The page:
Dan Lamberton

The Abundance of Rain

 

I have some confessions to make—
they have to do with this century
and how much I don’t want to be led
along by it any further. They have to do
with today being nothing about tomorrow,
but, rather, about history and how
all I know is before me, that is, before
I was, and I confess that
I search through old photographs
for reminders of who I am. If the people
in early Nebraska somehow hung pictures
of their old homes in Virginia
on the sod walls above their gritty beds,
and I am the grandchild made through them,
then I still carry their dissolved walls
in me, and I confess I want mostly what is past.

Granted, we live in two directions. There should be,
for the young, the chance to make children. But once
made, have them look backward. Start
with pictures of the unclothed, with Eakins’ nude men
along a tug-of-war rope, their haunches in the grass,
and their heels dug in, and their arms showing they’re no
different from me. A little differently muscled perhaps,
more formed by old work, by scythes and stone boats,
but they look like I do and they died. But first they enjoyed
themselves. And look next at unclothed women, Muybridge’s
panels of them, pouring water on each other’s heads,
picking up children. They have nothing Victorian
about them. They lived through all that and survived.

There’s a haystack, “1947, Near Norfolk, Nebraska,”
in a Wright Morris photo. And I know that
each of those straws were arranged
by the physics of elbows
and the leverage of hayforks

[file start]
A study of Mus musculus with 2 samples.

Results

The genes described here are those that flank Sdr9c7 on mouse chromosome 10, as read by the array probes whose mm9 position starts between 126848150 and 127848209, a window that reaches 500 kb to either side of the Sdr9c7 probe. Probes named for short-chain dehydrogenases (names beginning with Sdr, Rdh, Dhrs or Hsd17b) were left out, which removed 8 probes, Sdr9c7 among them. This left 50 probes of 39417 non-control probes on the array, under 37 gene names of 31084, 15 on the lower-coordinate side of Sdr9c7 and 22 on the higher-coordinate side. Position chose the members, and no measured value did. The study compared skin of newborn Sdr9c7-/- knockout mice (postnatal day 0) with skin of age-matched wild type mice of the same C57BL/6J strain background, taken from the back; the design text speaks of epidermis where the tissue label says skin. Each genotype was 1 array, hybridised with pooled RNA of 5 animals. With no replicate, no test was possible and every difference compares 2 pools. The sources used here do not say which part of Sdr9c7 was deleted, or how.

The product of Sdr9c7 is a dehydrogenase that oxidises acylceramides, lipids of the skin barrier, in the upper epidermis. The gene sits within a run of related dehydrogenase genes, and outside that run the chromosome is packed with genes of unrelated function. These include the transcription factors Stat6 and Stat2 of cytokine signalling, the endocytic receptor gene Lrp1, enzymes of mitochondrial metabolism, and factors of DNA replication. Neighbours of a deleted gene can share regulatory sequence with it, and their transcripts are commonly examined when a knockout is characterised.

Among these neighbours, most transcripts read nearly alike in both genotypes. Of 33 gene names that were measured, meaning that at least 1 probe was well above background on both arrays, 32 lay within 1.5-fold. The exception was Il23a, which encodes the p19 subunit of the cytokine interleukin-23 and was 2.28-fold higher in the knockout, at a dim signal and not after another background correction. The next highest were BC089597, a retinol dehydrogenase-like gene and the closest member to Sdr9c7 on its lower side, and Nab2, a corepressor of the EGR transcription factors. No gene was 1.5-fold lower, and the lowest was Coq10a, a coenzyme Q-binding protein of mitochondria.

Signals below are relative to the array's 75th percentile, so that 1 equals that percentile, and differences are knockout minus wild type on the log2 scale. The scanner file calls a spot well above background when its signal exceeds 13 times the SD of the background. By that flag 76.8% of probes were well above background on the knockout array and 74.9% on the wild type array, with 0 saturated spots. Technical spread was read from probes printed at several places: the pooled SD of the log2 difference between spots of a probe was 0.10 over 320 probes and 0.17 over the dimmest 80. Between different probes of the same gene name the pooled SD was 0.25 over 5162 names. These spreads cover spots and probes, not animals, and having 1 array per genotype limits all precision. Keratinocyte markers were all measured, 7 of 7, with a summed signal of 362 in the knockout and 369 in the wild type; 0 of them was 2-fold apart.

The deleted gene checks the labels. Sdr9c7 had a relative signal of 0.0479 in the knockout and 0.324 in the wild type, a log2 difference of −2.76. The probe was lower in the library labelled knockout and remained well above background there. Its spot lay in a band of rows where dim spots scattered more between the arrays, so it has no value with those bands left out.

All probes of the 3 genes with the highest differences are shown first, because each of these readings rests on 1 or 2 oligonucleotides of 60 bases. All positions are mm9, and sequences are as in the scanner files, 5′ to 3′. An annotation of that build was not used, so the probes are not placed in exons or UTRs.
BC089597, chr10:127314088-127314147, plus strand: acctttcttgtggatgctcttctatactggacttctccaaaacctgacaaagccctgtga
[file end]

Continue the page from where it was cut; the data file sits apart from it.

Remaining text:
and that elbows and hayforks
depended upon the occasional abundance of rain.

So that’s it. It’s about rain, and how I am
drawn back into it. Remember how we lay
together, in that wood-paneled room near Seattle
with rain washing down so hard we felt
what we were doing was cleaned the second
it happened? It’s not that our future was rain,
but that its sound was a sound we both knew,
that took us out to itself and we heard, “There
has always been rain and there has always, therefore,
been you. Even more, there have always been
numberless thousands of you, not just
now, not just all of you now who are blind,
but there was always this sound, rain’s and yours,
pounding the outside and inside of walls
like these, and the Indians’ leather walls,
and the hopeless poor people’s walls,
and also, alas, the walls of all those
whose ears are closed and who think
they’re creating the future.”

“The Abundance of Rain” is reprinted from a broadside by Ian Boyden, Crab Quill Press.

 

Dan Lamberton has an MFA in creative writing from the University of Washington and has published poems nationally in journals and magazines such as Sojourners, Northern Lights, and Poetry Northwest. He is the author of On the River through the Valley of Fire: The Collaborative Ceramics of Frank Boyden and Tom Coleman (American Museum of Ceramic Art, 2008). His essay, “Randlett’s Roethke:  It Was All So Visual”  considering Mary Randlett’s late photos of Theodore Roethke, appears in the 2013 Spring & Summer Photography issue of Poetry Northwest. Lamberton has delivered, throughout the state, over 60 lectures on Washington’s poets for Humanities Washington. He has also lectured in Seattle for the Teachers as Scholars program, sponsored by the Seattle Arts and Lectures Series, and has taught a summer course at the University of Washington called “A Sense of Where We Are: Literature and History of the Pacific Northwest,” and completed a northwest literary history anthology in cooperation with the University of Washington history department. Dan is Professor of English and Humanities Program Director at Walla Walla University.